From this week’s signandsight, insightful piece on the latest addition to one of my favorite Berlin sites, the museum island. You can read the full article here:
David Chipperfield has recovered astonishingly diverse vestiges of history in Berlin’s Neues Museum. By Bernhard Schulz
The Prussian King Friedrich Wilhelm IV wanted to create a “sanctuary for art and science” on the Spree Island north of Schinkel’s museum. Architect Friedrich August Stüler, chosen to execute the monarch’s demands after Schinkel’s premature death in 1841, saw the Neues Museum – which he designed and opened in 1855 – as “a focal point for the most elevated intellectual interests of the people.”
West facade Neues Museum, View from the Schlossbrücke © Stiftung Preußischer Kulturbesitz David Chipperfield Architects, photographer: Ute Zscharnt
So the aims for the Museum Island were not exactly set low. And yet the project existed in completed form for only a short time: for the nine years between the opening of the Pergamon Museum in 1930 and the closing of all museums with the onset of war in 1939. The Neues Museum, which sustained more damage from bombs and artillery than any of the other buildings on the island, never reopened.
But now that’s about to change. On 5 March, the museum, reconstructed according to the plans of London architect David Chipperfield, will be handed over to the Prussian Cultural Heritage Foundation, which will then install the artwork to be exhibited. Before the installation, the public will have three days to view the building itself. It is, after the brilliant restoration of the Alte Nationalgalerie and the Bode Museum, the third extensive renovation on the island – and the first to resurrect a building that had utterly fallen out of consciousness.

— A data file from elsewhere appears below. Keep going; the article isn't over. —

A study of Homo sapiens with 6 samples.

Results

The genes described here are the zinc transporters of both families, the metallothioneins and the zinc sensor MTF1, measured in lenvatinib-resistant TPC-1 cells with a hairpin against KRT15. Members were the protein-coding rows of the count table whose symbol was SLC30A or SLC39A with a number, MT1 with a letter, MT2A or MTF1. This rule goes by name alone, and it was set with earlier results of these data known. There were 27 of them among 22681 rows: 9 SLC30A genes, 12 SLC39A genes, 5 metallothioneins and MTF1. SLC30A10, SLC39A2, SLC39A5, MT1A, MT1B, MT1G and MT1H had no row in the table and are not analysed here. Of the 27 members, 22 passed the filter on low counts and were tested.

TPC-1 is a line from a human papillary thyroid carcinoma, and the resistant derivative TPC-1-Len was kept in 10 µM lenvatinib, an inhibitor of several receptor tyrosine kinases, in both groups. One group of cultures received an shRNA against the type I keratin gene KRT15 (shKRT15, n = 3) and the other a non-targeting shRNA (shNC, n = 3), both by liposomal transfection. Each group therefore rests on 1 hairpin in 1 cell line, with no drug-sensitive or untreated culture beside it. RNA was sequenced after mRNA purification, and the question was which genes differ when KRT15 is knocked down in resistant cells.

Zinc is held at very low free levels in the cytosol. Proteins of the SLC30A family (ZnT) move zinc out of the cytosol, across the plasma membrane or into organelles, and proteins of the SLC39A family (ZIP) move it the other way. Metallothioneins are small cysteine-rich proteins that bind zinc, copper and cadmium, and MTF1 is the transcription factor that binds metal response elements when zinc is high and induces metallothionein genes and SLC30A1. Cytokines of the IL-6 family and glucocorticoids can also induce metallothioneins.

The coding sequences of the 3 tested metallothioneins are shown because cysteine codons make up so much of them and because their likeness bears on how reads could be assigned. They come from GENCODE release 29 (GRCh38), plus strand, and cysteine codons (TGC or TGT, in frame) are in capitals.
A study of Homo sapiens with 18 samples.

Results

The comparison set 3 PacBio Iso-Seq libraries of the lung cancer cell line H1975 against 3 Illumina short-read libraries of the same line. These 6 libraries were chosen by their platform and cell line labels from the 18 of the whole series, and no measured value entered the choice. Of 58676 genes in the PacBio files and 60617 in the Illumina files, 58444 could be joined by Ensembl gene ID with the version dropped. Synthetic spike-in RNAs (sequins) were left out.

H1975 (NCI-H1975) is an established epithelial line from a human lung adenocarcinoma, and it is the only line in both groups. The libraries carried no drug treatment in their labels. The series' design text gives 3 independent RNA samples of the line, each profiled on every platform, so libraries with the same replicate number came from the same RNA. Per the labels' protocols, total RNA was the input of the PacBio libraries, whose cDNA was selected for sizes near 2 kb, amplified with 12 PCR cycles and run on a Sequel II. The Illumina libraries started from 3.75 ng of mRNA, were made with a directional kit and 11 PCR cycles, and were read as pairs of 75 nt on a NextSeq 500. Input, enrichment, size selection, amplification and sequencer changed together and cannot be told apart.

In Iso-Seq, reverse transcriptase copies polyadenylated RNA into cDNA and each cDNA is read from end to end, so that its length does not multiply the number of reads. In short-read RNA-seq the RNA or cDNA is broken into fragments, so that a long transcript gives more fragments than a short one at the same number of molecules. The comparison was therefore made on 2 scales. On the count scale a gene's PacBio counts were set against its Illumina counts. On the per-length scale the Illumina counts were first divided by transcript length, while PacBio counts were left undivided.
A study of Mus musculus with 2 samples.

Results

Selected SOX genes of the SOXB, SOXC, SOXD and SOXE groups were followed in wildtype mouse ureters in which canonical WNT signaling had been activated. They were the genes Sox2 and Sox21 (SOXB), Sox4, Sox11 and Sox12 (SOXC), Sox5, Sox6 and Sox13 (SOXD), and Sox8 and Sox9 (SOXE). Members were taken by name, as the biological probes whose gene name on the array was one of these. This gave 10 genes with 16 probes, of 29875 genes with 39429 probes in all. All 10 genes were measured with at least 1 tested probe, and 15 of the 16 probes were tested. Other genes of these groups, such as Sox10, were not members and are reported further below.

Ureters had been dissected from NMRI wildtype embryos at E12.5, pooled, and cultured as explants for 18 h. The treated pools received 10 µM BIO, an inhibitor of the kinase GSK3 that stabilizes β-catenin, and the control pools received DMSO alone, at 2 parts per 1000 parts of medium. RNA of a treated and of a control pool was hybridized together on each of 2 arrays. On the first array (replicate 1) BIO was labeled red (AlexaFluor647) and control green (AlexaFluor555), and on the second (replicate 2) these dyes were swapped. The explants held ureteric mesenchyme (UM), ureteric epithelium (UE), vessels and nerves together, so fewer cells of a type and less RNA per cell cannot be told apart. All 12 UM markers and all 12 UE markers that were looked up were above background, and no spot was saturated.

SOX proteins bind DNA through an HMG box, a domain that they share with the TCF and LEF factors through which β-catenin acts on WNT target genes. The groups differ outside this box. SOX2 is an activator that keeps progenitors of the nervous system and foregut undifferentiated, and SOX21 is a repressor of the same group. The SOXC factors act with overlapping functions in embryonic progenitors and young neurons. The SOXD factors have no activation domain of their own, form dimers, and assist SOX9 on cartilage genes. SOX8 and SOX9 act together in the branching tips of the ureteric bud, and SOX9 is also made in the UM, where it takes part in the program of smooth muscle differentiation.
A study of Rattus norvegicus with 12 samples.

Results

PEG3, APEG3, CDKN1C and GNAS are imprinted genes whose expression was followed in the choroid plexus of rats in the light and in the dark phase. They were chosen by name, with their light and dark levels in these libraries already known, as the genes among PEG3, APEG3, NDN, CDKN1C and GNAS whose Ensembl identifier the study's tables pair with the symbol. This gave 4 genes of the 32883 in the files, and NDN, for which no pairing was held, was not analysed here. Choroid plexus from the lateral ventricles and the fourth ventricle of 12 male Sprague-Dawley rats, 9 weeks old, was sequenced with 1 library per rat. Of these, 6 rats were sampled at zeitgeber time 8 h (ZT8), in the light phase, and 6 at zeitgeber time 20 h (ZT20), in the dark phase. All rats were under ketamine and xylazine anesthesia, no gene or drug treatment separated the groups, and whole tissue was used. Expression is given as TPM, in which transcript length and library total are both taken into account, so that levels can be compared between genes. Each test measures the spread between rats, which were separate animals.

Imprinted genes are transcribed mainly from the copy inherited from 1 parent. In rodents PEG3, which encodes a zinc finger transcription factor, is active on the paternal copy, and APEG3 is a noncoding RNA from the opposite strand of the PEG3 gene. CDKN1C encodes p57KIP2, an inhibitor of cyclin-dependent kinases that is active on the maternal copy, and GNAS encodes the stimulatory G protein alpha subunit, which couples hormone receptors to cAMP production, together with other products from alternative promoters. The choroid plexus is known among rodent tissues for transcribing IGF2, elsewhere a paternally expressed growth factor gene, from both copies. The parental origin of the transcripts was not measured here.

Staircase Hall circa 1985 © SMB / Zentralarchiv
The 233 million euro endeavour will be met with a powerful response – because, in contrast to the restoration of the other two island museums, the Neues Museum is not bound to an intact prewar history. On the contrary: Naked and bare, it shows what the war did to it. A colossal stairway deprived of the fresco decor that had been completely burned away; domes without decoration, walls devoid of smooth plaster. That, at any rate, is how the detractors of Chepperfield’s concept will see it, people who see nothing other than “ruin nostalgia” in the carefully preserved traces of history.